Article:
Above, you see me on Pilatus, a peak in the Swiss Alps whose base is an easy train ride from the town of Lucerne. Since most major orchestras pass through Lucerne from time to time, Pilatus is a peak I’ve had the pleasure of hiking up many times. This one time, in 2003, we had perfectly clear skies and sunshine up top. Luckily, I took pictures, because for the last 12 years I’ve had nothing but clouds, rain or snow up there! I always hope for that incredible view during the climb, but the truth is that I never know what it’s going to look like up there. It’s out of my control.
As you may have guessed, what I’m getting at is that the climb, the journey, is what the hike is really about. On my way up, I pass through meadows, converse with Swiss cows, dash by streams, stroll through hushed forests, picnic on the rocks, and meet fellow hikers. I can see my goal way up there, getting closer, larger, more real as I approach. By now, that climb is a familiar one to me. I recognize the landmarks; I look forward to them, even as I know that year by year, they’ll appear slightly different to me. The stream surges one year, and another year it’s quiet. There’s snow on the approach, or bare rock. One year, the entire route was closed because of a big snow on the mountain. Out of my control.
I became obsessed with Mount Everest for a time, several years ago. I couldn’t read enough about the mountain, its first climbers, the dangers it posed and still poses to those who attempt it. Even with money and human ingenuity trained on the summit, in an age where you can pay for others to carry your equipment and even the air you breathe, that final push is yours alone. Some years, everything lines up just right and people from all over the world get to realize their dream of summiting Everest. Other years, the mountain turns everyone away. And of course, in some fateful climbing seasons, nature’s wrath claims life and limb.
Even on a day with perfect conditions, your time at Everest’s summit is necessarily limited. Those who breathe bottled oxygen (all but the most experienced climbers and, of course, the Sherpas) must descend before it runs out. Even those who can survive at that extreme altitude without supplemental oxygen must be mindful of the time, since weather conditions tend to deteriorate as the day wears on. Spend too long up top, and you may never get down.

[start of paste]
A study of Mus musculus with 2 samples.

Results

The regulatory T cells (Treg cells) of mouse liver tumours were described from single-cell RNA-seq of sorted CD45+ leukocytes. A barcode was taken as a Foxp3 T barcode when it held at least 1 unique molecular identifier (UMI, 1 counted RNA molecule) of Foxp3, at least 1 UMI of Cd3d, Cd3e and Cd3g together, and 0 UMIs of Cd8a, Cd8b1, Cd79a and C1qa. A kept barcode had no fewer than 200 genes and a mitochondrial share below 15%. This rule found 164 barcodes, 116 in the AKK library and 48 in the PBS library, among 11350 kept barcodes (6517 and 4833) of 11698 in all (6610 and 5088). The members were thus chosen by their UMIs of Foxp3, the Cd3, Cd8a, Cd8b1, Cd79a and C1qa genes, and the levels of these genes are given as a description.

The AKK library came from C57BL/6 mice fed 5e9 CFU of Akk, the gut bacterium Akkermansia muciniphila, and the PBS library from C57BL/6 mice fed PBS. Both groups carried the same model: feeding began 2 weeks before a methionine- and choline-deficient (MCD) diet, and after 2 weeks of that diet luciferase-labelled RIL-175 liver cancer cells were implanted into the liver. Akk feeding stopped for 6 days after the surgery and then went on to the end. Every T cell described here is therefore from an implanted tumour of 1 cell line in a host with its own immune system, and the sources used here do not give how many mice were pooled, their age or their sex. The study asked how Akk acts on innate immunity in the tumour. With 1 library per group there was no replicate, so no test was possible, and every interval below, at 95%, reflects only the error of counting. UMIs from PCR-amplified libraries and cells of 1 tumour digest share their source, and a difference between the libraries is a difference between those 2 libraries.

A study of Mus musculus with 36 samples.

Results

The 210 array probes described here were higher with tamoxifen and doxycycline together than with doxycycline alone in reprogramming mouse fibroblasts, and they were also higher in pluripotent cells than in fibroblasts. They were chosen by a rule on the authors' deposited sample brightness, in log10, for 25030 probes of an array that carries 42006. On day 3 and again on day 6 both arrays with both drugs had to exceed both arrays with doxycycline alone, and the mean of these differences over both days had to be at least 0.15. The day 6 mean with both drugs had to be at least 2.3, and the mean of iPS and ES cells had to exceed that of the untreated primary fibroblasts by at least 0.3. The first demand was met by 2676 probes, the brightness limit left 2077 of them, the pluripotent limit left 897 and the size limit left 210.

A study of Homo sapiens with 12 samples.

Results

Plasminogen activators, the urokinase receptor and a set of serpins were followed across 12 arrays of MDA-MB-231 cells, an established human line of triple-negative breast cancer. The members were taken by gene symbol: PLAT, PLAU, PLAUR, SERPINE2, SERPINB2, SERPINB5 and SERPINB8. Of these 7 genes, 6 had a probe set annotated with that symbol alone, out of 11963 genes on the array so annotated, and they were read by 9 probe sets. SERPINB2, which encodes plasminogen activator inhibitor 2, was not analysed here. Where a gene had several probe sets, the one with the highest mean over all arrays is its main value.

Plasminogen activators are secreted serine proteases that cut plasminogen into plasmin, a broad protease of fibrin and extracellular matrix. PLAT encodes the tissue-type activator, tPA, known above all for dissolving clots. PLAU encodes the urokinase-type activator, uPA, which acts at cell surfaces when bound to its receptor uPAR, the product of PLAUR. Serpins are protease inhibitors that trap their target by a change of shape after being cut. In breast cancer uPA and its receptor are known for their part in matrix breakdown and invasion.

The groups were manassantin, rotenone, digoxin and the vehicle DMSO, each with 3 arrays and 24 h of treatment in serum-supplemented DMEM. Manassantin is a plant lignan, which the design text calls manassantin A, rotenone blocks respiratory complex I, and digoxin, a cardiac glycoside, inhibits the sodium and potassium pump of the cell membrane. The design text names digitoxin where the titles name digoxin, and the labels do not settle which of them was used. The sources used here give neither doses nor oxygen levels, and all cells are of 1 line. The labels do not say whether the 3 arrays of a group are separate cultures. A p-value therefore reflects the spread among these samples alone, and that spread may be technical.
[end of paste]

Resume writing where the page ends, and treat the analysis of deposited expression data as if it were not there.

On top of Pilatus, the situation is not nearly so dire. Even so, I always wish that I could spend just a few more minutes enjoying the fruits of my labor. The cable cars have their schedule, and I always have to catch an earlier one than I like, so that I can descend in time for the concert. I suppose my limited time up top makes me savor every moment that much more.
This week, I encourage you to do the same. You’ve worked hard, over a long period of time, to get here! Your playing, especially for these audition selections, may never have been better. And while your performance of these selections will undoubtedly decline after our final assignment is complete, your work will never be lost. You’ll be perfectly positioned to ascend once more, and the landmarks will be more familiar to you. You’ll know what it feels like to start out with an excerpt, to play it for an audience, to grapple with how to start it under pressure. All this knowledge and experience is yours now and forever. The more you work with that knowledge, of course, the easier it becomes to apply to all your playing. But the work you’ve done with me will never be lost.
Once you’ve made your final video, pour some Champagne, or at least some sparkling cider! You can’t control what happens after that, but you can certainly savor the moment, along with your fellow “hikers”.
It’s been an unforgettable experience serving as your guide for this Challenge, even if I have had to step away for a moment or two. After the Challenge ends this week, I’ll be very interested in your stories. Tell me what it’s like this week, “on the summit”! Or think of some interesting moments along the way. With your permission, I’d love to share some of these stories with all of our participants, as well as my other readers. It may just encourage someone else to challenge themselves the next time around.
I also have a dream of putting the Challenge material together in a format that could help you and anyone take auditions in the future. It would include my editions of the most common excerpts, just like the Schumann Scherzo part that you downloaded. It would also include my notes on preparation and execution. Video performances too. And a game plan, just like we did here with the Challenge. So if you have ideas as to what this e-book should look like, or what it should contain, now’s your chance to let me know! After all, you are the reason it will exist.
This final push is yours alone. Savor the moment!
Week 0 Assignment
On the morning of Sunday, November 8, I’ll send an email containing the order in which I would like to hear your excerpts. I may not ask for every excerpt, and I may not ask for all of each excerpt. I will start with the Mozart concerto. You’ll have all of that day and the next day to make your audition video, using the same “honor system” one-take rules that we’ve been using over the last few weeks.